Look-alike – Word of the week
Noun: a person or object that looks like or closely resembles another.
In popular Western culture, a look-alike is a person who bears a close physical resemblance to a celebrity, politician or member of royalty.
Example: Steven Spielberg refused to use look-alikes instead of the original actors in a "Back to the Future" sequel.
The word itself has several different variations that mean the same: doppelganger, impersonator, body double.
Furthermore, there are actually words that can be originated from the word look-alike. A good example is "think-alike" (someone whose opinion is very similar to that of another one) or another variation is "doppelginger" (an exact look-alike of someone, but in ginger form).
The obsession with look-alikes is fairly a new phenomenon in today’s culture. With the spread of telecommunication and the internet, people are trying to compare people with one another. There are some extreme examples like agencies that provide celebrity look-alikes for parties or other events.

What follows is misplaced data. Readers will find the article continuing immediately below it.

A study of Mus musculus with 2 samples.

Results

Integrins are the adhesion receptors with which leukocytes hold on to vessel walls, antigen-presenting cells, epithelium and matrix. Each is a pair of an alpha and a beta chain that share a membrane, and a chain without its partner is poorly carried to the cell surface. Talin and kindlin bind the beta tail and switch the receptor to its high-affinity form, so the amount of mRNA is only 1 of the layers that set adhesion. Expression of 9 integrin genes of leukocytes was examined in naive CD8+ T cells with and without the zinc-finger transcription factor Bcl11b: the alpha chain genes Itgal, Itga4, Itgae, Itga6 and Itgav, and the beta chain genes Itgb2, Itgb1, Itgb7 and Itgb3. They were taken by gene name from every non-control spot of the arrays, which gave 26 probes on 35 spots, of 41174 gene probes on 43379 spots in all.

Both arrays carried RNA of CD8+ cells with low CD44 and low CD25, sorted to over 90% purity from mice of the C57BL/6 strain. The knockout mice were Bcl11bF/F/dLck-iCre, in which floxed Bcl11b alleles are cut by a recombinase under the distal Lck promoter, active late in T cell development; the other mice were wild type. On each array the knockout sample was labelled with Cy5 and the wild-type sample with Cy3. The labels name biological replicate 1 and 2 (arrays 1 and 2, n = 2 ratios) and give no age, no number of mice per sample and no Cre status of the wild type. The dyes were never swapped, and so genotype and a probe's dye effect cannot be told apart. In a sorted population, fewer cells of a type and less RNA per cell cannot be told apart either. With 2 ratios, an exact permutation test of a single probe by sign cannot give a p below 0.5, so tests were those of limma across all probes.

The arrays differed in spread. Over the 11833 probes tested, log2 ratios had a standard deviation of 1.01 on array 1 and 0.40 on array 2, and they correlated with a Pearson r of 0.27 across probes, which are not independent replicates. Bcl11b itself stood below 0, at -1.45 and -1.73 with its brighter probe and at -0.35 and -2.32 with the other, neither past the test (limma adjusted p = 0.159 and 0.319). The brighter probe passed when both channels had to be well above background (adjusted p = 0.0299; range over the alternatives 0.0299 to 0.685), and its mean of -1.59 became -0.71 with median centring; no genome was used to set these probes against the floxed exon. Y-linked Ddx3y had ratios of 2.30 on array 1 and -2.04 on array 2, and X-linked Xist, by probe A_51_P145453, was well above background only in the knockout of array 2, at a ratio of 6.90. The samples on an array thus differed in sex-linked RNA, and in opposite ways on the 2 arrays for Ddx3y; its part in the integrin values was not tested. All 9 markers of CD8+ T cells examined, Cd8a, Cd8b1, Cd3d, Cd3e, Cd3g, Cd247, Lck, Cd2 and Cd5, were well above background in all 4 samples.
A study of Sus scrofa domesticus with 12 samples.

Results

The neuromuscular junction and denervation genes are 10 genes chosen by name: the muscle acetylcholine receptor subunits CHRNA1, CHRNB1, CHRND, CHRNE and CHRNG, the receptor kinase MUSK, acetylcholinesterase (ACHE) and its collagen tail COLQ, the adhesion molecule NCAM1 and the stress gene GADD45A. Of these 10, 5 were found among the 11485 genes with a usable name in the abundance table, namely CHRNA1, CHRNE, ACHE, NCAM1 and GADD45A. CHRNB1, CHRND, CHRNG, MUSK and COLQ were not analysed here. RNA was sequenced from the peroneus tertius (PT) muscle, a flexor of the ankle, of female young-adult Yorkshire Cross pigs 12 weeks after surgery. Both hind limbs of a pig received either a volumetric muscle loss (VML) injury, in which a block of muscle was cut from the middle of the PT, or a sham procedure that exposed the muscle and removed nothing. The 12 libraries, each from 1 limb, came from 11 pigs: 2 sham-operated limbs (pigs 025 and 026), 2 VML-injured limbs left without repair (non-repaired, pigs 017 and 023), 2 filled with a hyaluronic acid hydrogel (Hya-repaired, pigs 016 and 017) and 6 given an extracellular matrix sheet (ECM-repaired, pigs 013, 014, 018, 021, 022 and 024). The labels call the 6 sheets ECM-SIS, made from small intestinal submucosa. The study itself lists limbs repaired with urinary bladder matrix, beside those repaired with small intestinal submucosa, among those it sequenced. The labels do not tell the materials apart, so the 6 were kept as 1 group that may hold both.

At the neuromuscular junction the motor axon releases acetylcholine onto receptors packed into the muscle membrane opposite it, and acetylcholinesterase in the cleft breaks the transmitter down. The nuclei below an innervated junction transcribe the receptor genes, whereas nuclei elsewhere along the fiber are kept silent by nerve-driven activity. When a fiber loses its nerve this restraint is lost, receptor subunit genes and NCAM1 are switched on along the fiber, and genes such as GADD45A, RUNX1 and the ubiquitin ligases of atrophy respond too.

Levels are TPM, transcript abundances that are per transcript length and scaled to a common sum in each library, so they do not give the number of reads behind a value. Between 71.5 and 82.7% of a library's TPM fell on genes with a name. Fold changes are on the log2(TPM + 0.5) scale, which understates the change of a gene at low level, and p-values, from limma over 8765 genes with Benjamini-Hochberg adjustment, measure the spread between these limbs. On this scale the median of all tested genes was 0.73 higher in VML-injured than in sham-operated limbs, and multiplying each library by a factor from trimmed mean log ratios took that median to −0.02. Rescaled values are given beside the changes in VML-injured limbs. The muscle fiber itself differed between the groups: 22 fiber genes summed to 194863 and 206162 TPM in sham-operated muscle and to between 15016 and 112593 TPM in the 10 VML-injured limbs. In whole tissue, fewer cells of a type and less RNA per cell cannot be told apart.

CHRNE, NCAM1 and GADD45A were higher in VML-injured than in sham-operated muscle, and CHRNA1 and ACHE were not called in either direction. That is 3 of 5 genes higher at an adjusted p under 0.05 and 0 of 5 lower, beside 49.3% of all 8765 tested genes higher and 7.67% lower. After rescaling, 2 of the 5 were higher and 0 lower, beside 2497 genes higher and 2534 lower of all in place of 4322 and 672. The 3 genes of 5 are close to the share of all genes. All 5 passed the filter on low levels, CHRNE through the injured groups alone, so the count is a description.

Numerous competitions are hosted all over the world every year for famous people or celebrity look-alikes.
Fun fact: During the 1920s, Charlie Chaplin once went to a Charlie Chaplin-look-alike competition and didn't even make it to the finals.
In politics, leaders and high-ranking political figures actually use look-alikes on purpose, usually to confuse their enemies. Some interesting examples:
- In 1944, shortly before D-Day, M.E. Clifton James, who bore a close resemblance to Field Marshal Bernard Montgomery, was sent to Gibraltar and North Africa, in order to deceive the Germans about the location of the upcoming invasion.
- Saddam Hussein allegedly employed several look-alikes for political purposes during his Iraq reign.
- A notable conspiracy theory holds that Paul McCartney died in 1966 and was replaced by a Canadian policeman named William Shears Campbell.
Have you met anyone who looks exactly like you? Do you have a look-alike? Let us know in the comments!